There's a complicated relationship between consumers, outcomes, and cost in healthcare.
Concord's Relevant Health Roundtable hosted a panel on cost of care.
Healthcare costs will rise by an average of 5.5% per year over the next decade, growing from $3.5 trillion in 2017 to $6 trillion by 2027. Undoubtedly, cost of care containment strategies continue to dominate conversations across the industry.
Whether healthcare professionals are planning for an international health outbreak, implementing large-scale care management programs, or simply directing consumers from the ER to office visits, healthcare entities have tried numerous methods to reduce, or at a minimum, maintain healthcare costs.
In our last panel, Sue Knudson (Chief Informatics & Health Engagement Officer at HealthPartners), Troy Simonson (Chief Executive Officer at Twin Cities Orthopedics), and Chris Cronin (Chief Executive Officer at MOBE) shared their perspective on cost of care pre- and post- COVID and future implications of value-based care partnerships.
COVID’s Silver Lining
By this point, we are well aware of the negative aspects of the COVID-19 pandemic, but there are some positives also. Thankfully, the healthcare industry can point to a few silver linings:
- COVID is rapidly accelerating healthcare’s pace of change across the collective industry and independently for organizations. Learning to maintain this pace and sustain change in the future will be critical.
- Virtual visits are here to stay. State and federal policy changes loosened restrictions that previously held back growth in telehealth, plus providers and consumers were both motivated to adopt.
- There is a renewed focus on basic public health measures, like washing hands and staying home when sick. Focusing on these simple actions will improve the overall cost of care in the future.
- More consumers are educating themselves on healthcare, which has a direct impact on cost of care. For example, patients question where surgery will occur, whether at a surgery center or in a hospital. This interest pushes physicians to be more efficient and opens a transparent dialogue with patients to potentially select a lower cost of care facility.
Virtual Visit Benefits
Virtual visits aren’t a new concept, but COVID has distinctly accelerated their adoption and appeal.
- Telehealth adoption is taking place across the spectrum of demographics, including a high proportion of the senior population. Virtual visits work particularly well for post-op care where no imaging is needed and physical therapy. Therapists know their patients well and can predict who will follow-through and who needs an in-person visit to ensure the right outcomes.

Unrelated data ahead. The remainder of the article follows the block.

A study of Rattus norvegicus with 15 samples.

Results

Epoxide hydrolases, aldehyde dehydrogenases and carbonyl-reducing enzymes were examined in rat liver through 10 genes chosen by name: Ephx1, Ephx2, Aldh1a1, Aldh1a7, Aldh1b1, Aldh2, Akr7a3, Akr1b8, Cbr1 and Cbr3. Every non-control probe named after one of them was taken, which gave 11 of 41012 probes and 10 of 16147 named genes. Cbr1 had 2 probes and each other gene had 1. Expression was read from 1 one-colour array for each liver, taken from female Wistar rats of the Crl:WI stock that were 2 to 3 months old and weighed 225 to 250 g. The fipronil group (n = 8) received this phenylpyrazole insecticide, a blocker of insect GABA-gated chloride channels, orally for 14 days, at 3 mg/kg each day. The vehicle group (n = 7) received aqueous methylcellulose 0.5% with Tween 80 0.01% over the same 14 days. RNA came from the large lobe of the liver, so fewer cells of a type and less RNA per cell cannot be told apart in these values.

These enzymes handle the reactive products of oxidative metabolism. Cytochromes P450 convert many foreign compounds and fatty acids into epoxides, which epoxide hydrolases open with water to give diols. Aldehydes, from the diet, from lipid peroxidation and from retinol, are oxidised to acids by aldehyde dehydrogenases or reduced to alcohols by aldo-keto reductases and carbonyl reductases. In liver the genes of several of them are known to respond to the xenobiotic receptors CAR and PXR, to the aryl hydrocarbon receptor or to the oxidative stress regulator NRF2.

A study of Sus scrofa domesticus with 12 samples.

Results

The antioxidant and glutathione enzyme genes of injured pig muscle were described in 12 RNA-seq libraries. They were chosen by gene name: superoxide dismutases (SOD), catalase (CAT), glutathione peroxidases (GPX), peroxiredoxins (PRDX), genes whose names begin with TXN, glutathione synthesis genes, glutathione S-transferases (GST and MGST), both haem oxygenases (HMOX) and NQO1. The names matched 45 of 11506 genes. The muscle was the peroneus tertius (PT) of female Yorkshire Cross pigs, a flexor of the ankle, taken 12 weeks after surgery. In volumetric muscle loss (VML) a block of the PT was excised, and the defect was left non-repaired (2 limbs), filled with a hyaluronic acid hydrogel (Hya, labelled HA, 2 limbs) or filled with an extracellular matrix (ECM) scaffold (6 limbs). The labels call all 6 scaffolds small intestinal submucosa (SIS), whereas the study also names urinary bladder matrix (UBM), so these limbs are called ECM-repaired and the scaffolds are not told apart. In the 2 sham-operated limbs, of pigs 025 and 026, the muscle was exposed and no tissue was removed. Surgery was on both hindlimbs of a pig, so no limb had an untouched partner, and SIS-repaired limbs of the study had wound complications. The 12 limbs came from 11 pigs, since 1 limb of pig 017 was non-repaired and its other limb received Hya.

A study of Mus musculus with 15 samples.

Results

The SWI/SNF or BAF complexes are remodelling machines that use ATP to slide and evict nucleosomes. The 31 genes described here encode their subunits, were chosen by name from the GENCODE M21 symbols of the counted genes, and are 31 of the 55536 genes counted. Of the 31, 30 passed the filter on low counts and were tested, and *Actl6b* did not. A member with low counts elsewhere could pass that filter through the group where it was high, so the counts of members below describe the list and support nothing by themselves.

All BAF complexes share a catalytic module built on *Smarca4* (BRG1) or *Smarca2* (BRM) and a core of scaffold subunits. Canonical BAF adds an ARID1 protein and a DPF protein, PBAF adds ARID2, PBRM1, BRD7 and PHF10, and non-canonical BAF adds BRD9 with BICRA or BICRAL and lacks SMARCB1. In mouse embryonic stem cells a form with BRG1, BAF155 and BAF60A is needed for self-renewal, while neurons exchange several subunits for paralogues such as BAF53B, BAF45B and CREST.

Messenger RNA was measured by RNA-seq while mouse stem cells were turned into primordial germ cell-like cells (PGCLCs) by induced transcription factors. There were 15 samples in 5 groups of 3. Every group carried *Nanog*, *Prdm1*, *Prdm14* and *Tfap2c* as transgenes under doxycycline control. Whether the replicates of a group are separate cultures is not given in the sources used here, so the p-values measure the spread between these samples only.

- There is an increase in virtual visits for recurring and new behavioral health patients, which is a positive indicator of people being acutely aware of their health needs throughout the pandemic.
Value-Based Care Partnerships
We see several unique partnerships, surprising alliances, and new methods of operation across the healthcare industry.
- As an industry, healthcare has only scratched the surface of value-based care. Most healthcare financing is still fee-for-service, but innovative models are developing that use a combination of value-based benefit design while ensuring a high-quality experience.
- Balancing patient data outcomes and experience while managing cost is what defines value-based care. The goal is to change care delivery to be more competitive.
- Prospective bundles are an increasingly popular method to provide up-front, transparent pricing that details the total cost of care. This year, Twin Cities Orthopedics will perform almost 2,000 prospective bundles in the total joint and spine space, equating to a savings of $20 – 25M in the market.
Cost of care is a longstanding conversation in the healthcare industry. Despite all the downsides of COVID, it has positively impacted transparency in cost of care, increased the pace of change in healthcare, and accelerated consumer interest in telehealth and basic public health measures. We hope the pandemic will continue to encourage people to refocus on their health, educate themselves, and sustain healthier lifestyles to reduce care costs in the future.
TCO Reports Significant Reduction in Opioid Pain Medication Prescriptions. Twin Cities Orthopedics surveyed and tracked 3,000 patients’ prescriptions counts, satisfaction levels, and disposal habits of unused pain medications to develop findings to reduce opioid reliance following an orthopedic procedure.
2020 Chronic Care Action Index. In partnership with YouGov, MOBE commissioned a study to ask consumers and healthcare providers across the country what’s standing in their way when it comes to improved outcomes and what factors would put them on the road to better health.
Telehealth Company Amwell Spikes in Public Debut with Outsized $742M IPO. Telehealth provider Amwell went public during the pandemic and saw a stock spike of 42% on the first day of trading.
Pivot Podcast: Tesla’s “Battery Day,” the DOJ prepares for Google, and Scott’s prediction on “algorithmic e-commerce.” Pivot Podcast co-host Scott Galloway predicts Walmart and TikTok could introduce a new field called “algorithmic commerce,” which goes from one-click shopping to zero-click shopping. Healthcare could similarly preempt patient needs.